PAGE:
Donald Trump is actually Tony Clifton. Keep reading, kids. I'll explain who Tony Clifton is/was, in a roundabout way.
Let's start with press interviews. Every journalist interviewing candidates aspires to be Tim Russert. The late Tim Russert was the longtime host of Meet the Press. The Sunday morning talk shows are pointless and stupid. Once upon a time, they were ever-so-slightly less pointless and stupid because Tim Russert had one skill. He could recall every statement ever made by any candidate, and grill them on the inconsistencies so that we, the audience, could enjoy the schadenfreude of watching narcissists squirm. How good an interviewer was Russert? That is up for debate. What is not up for debate is that every interviewer currently living is a pathetic imitator. I thought Russert was decent. Decent is an impossible dream to the current crop of wannabes.
The Russert model relies on the premise that the person being interviewed is open to evidence. More subtly, it relies on the premise that the person being interviewed is a person, not a character. That brings me to Tony Clifton.
Tony Clifton was a caricature of an obnoxious, incompetent and all-around-vile lounge singer with an overinflated opinion of his own greatness. Comedian/performance artist Andy Kaufman created the character, along with Bob Zmuda, to have fun by prodding the audience. Most of the time, Kaufman played the character. The key to the joke was that Kaufman could never admit that Clifton was just a character. In order to keep the joke going, sometimes Kaufman would have to appear alongside Clifton. In order for that to happen, Kaufman's partner, Bob Zmuda, would have to perform as Clifton. Everybody knew it, and everybody had to play along. Here is a clip of an old interview in which Merv Griffin talked to Kaufman about Tony Clifton.
Griffin knows that Clifton is a character created by Kaufman. In order to do the interview, though, Griffin has to play along. Imagine a self-important journalist trying, in all seriousness, to get Kaufman to admit that Clifton doesn't exist. How absurd would it be?
As it turns out, we have a not-quite answer. Remember when Stephen Colbert had a show in which he pretended to be a Bill O'Reilly-type figure? For a decade? Well, during that period, Colbert would rarely give an interview breaking character. His inspiration was clearly Andy Kaufman. (Sacha Baron Cohen has been known to pull the same schtick as, for example, Borat). As the character of "Stephen Colbert," Colbert appeared on Meet the Press with Tim Russert.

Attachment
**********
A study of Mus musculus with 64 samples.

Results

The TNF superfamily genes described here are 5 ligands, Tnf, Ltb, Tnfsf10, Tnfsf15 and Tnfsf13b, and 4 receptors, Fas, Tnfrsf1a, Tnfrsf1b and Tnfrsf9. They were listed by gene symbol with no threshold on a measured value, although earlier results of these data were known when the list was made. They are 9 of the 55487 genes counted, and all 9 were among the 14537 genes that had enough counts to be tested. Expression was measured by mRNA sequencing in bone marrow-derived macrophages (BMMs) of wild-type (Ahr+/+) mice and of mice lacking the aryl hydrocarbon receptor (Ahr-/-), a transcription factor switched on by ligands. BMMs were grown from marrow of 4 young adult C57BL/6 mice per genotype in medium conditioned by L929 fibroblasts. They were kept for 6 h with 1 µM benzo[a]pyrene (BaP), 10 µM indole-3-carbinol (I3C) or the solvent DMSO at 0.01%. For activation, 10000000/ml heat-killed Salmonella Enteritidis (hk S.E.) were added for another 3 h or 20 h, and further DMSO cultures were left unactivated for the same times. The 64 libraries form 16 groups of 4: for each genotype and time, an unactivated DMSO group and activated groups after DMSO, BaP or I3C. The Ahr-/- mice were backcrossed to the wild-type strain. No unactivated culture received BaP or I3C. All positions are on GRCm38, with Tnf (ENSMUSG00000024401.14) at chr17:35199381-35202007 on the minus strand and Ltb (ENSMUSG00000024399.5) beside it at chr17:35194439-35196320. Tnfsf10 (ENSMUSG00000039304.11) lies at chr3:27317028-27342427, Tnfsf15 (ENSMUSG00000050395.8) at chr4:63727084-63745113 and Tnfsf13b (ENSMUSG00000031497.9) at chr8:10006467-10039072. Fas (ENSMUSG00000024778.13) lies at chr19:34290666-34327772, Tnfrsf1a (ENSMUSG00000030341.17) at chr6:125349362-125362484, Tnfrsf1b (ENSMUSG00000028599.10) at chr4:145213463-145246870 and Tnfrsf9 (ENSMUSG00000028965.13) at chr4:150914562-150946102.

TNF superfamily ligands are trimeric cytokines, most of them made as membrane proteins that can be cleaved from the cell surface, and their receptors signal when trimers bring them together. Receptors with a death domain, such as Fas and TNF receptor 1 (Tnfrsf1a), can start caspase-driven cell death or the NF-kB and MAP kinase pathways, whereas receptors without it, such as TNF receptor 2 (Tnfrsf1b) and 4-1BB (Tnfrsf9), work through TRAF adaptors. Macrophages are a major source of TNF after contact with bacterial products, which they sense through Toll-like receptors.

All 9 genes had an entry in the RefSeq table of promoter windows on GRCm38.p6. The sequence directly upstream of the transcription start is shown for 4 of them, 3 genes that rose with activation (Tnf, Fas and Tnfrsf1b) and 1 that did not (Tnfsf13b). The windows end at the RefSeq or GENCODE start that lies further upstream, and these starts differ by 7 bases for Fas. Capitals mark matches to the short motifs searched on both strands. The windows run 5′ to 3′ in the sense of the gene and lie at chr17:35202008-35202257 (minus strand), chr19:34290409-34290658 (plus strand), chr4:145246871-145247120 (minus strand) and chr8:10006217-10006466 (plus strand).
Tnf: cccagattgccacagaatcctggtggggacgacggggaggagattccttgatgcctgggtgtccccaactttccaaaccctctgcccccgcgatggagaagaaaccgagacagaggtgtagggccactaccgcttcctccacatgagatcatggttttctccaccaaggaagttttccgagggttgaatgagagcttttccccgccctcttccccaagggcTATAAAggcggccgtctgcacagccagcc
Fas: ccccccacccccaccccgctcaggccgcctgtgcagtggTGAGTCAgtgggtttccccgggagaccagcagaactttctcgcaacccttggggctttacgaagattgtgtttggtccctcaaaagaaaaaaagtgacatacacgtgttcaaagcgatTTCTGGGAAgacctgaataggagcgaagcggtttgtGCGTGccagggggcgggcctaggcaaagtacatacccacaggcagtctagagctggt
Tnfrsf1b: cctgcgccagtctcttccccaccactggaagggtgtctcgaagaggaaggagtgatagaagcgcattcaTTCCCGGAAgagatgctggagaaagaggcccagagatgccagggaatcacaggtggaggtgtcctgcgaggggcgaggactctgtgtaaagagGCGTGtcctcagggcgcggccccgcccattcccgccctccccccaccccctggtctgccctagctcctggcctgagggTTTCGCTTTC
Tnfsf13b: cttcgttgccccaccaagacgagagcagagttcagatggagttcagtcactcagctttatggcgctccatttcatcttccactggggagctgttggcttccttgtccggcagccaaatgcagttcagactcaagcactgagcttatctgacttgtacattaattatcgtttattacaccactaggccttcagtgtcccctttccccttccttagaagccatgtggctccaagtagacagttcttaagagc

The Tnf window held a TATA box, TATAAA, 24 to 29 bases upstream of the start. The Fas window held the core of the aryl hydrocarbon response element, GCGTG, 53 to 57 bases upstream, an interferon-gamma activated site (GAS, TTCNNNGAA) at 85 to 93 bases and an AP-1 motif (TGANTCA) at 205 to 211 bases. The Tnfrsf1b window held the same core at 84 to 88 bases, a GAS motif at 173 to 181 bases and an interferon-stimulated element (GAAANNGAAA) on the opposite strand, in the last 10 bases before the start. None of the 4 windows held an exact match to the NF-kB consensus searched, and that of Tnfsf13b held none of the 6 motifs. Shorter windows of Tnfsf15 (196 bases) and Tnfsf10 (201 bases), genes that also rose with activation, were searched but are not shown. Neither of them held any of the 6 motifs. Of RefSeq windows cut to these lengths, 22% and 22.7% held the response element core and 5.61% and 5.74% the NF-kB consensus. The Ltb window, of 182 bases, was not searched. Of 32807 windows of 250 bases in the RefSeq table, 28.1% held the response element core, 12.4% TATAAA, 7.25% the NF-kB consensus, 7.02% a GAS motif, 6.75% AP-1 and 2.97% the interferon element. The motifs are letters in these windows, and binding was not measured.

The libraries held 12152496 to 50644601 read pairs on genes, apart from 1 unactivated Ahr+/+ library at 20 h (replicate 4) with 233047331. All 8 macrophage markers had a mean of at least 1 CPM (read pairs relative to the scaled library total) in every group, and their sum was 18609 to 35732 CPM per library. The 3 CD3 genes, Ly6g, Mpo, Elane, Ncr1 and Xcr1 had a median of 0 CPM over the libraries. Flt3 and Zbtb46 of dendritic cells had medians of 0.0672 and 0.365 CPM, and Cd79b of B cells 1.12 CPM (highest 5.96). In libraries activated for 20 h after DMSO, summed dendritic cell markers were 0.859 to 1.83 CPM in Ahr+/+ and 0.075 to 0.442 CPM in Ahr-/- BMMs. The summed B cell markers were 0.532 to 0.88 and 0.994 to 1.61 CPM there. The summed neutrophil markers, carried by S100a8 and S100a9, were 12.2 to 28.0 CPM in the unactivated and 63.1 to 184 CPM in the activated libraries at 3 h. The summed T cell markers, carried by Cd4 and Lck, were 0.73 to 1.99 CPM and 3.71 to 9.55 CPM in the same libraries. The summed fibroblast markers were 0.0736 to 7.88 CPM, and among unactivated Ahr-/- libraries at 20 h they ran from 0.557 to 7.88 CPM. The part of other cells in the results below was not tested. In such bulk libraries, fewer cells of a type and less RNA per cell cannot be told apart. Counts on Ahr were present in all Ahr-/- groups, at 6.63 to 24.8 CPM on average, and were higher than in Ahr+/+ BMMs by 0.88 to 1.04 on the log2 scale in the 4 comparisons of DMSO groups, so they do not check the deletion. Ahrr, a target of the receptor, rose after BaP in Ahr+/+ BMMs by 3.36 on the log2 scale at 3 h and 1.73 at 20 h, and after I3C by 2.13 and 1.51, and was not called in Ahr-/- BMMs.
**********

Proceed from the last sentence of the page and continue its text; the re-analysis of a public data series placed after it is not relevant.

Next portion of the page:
Russert knew to play along. Imagine how stupid Russert would have looked if he hadn't. The character of Colbert was that of a self-important jackass who never thought before he spoke. He was impervious to evidence, unwilling to admit ever being wrong, and utterly confident in everything he said. To confront the character with logic or evidence, then, and hope for a reasoned or semi-reasoned response would be to miss the point.
I know what you're thinking. What could any of this possibly have to do with "Donald Trump?" Note the quotation marks. One might wonder how much of "Donald Trump" the candidate is a Clifton-like creation, and how much of it is real. The more Clifton-like the candidate is, the more futile normal interviews become.
Does Donald Trump believe that Barack Obama was born in Kenya? Almost certainly not. He first dipped his toes into birtherism by asserting that he had only a small amount of doubt over where Obama was born. The problem was that, when confronted with evidence, he either needed to admit that he was speaking from ignorance, or dig in his heels. He chose the latter. Why? He was playing to an audience. Trump's birtherism is about as sincere as Tony Clifton.
On the other hand, what about getting Mexico to pay for a wall? Quite simply, I don't know of a dumber campaign promise from a major candidate. Ever. There is no chance whatsoever of this happening. None. Zero. Physicists will claim that for any possibility that doesn't violate physical laws, there is an alternative universe in which that possibility happens. There isn't even an alternate universe in which Mexico pays for a wall. Anyone who believes this promise knows less than nothing about politics. How informed do you think this guy is?
And yet, Trump almost certainly believes it would happen. Why? The greatness of Donald Trump is the one thing we know for certain that Trump really believes. That still leaves interviewers in a bind. If asked what policy tools a president would have to get Mexico to pay, Trump won't answer. He will simply assert the greatness of his deal-making skills and his intrinsic powerfulness.
How does one interview Donald Trump, then? Half the time, he doesn't believe what he says, and the other half, he is just too clueless about how government and policy work to give a reasonable answer to a policy-based question.
The challenge of trying to interview Trump, then, is that getting a serious answer is as futile as trying to get Tony Clifton to admit that he is really Andy Kaufman (or sometimes Bob Zmuda).
Here is my advice to serious journalists, then. Stop interviewing Donald Trump. How unprecedented would that be? About as unprecedented as a presidential candidate who has more in common with Tony Clifton than with any past president.